SkyView wins $11,000 Alliance Project grant supporting arts
HIGHLANDS RANCH- SkyView Academy is experiencing another year of robust arts-enriched learning, thanks to an $11,000 Alliance Project grant they received in October from the Scientific and Cultural Facilities District (SCFD). This is the second year they have received a grant from this arts and cultural education fund.
The Alliance Project is made possible by the Scientific Cultural Collaborative, a voluntary alliance of 27 local arts and cultural organizations such as the Cherry Creek Arts Festival and the Denver Center for Performing Arts. Grant funds are allocated out of SCFD funds, which is a tax district that collects one cent for every ten dollars of sales tax across seven counties in the Denver Metro area, including Douglas County.
SkyView is a preschool through twelfth grade public charter school in Highlands Ranch. The school is one of just seven schools awarded the grant statewide. Grants are awarded to just one school in each of the seven counties in the SCFD tax district each year, meaning the application process is extremely competitive.
“The award has allowed us to enrich our existing curricula with interdisciplinary activities,” said Javier Negron, SkyView’s Spanish and Teen Leadership Middle School teacher. “For example, mixing performance with literature, theatre and dance into visual arts, and hands-on learning with history. It has allowed students to interact more with their subject area, watching it come to life.”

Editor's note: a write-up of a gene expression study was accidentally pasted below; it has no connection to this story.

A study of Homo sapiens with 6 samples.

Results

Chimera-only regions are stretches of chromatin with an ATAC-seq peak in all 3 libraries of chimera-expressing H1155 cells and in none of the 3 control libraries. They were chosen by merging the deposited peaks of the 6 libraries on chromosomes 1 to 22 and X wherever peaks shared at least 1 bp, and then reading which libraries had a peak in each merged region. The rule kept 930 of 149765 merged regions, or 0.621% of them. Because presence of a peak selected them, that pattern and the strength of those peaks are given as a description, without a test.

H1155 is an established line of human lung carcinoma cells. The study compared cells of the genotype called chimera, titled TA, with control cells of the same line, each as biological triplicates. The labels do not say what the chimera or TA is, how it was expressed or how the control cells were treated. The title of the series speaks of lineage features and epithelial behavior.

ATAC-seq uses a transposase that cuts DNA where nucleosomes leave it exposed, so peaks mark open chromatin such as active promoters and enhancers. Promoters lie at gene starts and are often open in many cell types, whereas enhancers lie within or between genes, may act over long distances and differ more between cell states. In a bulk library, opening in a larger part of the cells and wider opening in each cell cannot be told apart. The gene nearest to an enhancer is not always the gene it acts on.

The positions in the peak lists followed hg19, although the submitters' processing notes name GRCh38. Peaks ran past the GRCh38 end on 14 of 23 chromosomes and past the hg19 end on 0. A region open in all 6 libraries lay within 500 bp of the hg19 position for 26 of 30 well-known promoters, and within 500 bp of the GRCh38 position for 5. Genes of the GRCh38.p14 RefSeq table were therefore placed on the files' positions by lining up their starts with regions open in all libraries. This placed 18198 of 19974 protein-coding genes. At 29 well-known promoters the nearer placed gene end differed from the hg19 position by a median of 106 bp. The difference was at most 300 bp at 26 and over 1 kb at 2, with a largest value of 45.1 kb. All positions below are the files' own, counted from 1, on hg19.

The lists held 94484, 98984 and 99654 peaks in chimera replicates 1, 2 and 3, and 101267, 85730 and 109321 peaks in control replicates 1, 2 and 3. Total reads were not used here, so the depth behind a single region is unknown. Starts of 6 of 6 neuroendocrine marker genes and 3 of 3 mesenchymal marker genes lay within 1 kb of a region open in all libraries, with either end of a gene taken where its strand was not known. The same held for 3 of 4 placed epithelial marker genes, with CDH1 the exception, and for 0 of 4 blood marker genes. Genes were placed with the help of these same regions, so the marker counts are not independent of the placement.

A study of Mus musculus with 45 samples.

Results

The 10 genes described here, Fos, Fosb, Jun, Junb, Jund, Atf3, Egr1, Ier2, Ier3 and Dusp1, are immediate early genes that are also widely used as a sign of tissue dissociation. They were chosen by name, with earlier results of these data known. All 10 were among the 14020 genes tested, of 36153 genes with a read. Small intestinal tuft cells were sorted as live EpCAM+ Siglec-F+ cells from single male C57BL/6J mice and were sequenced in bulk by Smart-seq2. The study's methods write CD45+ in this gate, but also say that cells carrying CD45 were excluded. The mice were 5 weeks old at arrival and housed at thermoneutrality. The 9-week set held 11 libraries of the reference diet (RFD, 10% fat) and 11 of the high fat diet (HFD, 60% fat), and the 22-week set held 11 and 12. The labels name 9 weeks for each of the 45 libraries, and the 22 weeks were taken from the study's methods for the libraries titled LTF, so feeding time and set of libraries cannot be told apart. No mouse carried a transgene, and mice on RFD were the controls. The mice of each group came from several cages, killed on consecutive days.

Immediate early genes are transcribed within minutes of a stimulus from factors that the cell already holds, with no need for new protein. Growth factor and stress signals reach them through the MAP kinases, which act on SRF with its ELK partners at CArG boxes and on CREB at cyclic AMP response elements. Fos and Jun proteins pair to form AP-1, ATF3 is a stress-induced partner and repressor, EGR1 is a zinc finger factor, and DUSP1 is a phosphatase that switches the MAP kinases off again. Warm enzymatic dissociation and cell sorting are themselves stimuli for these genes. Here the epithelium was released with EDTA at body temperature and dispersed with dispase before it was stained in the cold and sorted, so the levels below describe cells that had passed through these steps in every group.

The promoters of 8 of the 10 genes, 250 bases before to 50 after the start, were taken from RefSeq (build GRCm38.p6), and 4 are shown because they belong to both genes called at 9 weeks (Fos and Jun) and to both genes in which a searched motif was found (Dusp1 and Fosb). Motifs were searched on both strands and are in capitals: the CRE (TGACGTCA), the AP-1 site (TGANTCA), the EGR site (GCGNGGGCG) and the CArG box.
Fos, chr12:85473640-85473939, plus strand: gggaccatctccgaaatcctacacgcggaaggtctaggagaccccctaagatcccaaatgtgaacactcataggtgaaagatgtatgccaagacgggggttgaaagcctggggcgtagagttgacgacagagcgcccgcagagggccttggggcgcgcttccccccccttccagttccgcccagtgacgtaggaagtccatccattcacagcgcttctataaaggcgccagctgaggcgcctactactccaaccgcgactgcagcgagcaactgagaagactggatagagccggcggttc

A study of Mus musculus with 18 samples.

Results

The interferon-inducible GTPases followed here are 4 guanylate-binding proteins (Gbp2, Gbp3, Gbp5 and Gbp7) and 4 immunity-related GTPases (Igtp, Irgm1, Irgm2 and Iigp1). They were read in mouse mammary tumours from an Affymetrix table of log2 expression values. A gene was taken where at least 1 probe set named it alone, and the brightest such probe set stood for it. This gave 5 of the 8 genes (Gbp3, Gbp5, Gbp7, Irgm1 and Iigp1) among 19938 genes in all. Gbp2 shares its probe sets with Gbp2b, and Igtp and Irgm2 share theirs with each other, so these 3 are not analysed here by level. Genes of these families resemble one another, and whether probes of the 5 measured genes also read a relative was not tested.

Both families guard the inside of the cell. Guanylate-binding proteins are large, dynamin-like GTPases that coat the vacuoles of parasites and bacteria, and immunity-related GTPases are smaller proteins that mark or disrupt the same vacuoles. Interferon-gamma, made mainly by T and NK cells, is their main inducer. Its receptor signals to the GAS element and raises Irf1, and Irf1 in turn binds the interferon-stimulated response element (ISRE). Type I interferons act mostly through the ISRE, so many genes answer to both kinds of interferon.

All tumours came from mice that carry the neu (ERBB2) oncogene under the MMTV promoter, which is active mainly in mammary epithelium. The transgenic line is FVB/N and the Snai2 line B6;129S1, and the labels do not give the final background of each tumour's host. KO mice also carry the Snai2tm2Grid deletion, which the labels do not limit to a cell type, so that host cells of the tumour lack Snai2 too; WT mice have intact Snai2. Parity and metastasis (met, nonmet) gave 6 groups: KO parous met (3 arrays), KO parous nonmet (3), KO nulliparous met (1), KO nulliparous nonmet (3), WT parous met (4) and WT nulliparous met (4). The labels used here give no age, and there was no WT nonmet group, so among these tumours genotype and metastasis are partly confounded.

Last year, thanks to the grant, SkyView students were been able to participate in many enriching activities such as a school exhibition of the Mobile Art Gallery from CherryArts Education, a program of the Cherry Creek Arts Festival. They also took field trips to several performances at the Denver Center for Performing Arts. Additionally, the school host guest educators from the Colorado Mountain Club.
The renewed grant for this year is allowing SkyView to bring back successful programs from last year, as well as host new arts and cultural programming. For example, the schools World Literature program is scheduling a day for a Denver Center actor to come to the school to act out scenes from the Odyssey.
“We did this last year and it really helped the story come alive for the students,” Negron said.
Additionally, Opera Colorado is hosting an organizational skills workshop for a group of 9th and 10th graders, professional dancers from Lakewood Heritage and Aurora Cultural Services are coming in to pose as figure models for high school art students, and a Holocaust survivor will be featured as a guest speaker, timed for when students are reading the book Night.
“This is an amazing opportunity for students to hear first hand accounts of a survivor,” Negron said. “It is profoundly impactful to hear these stories and connect with someone that lived through the Holocaust.”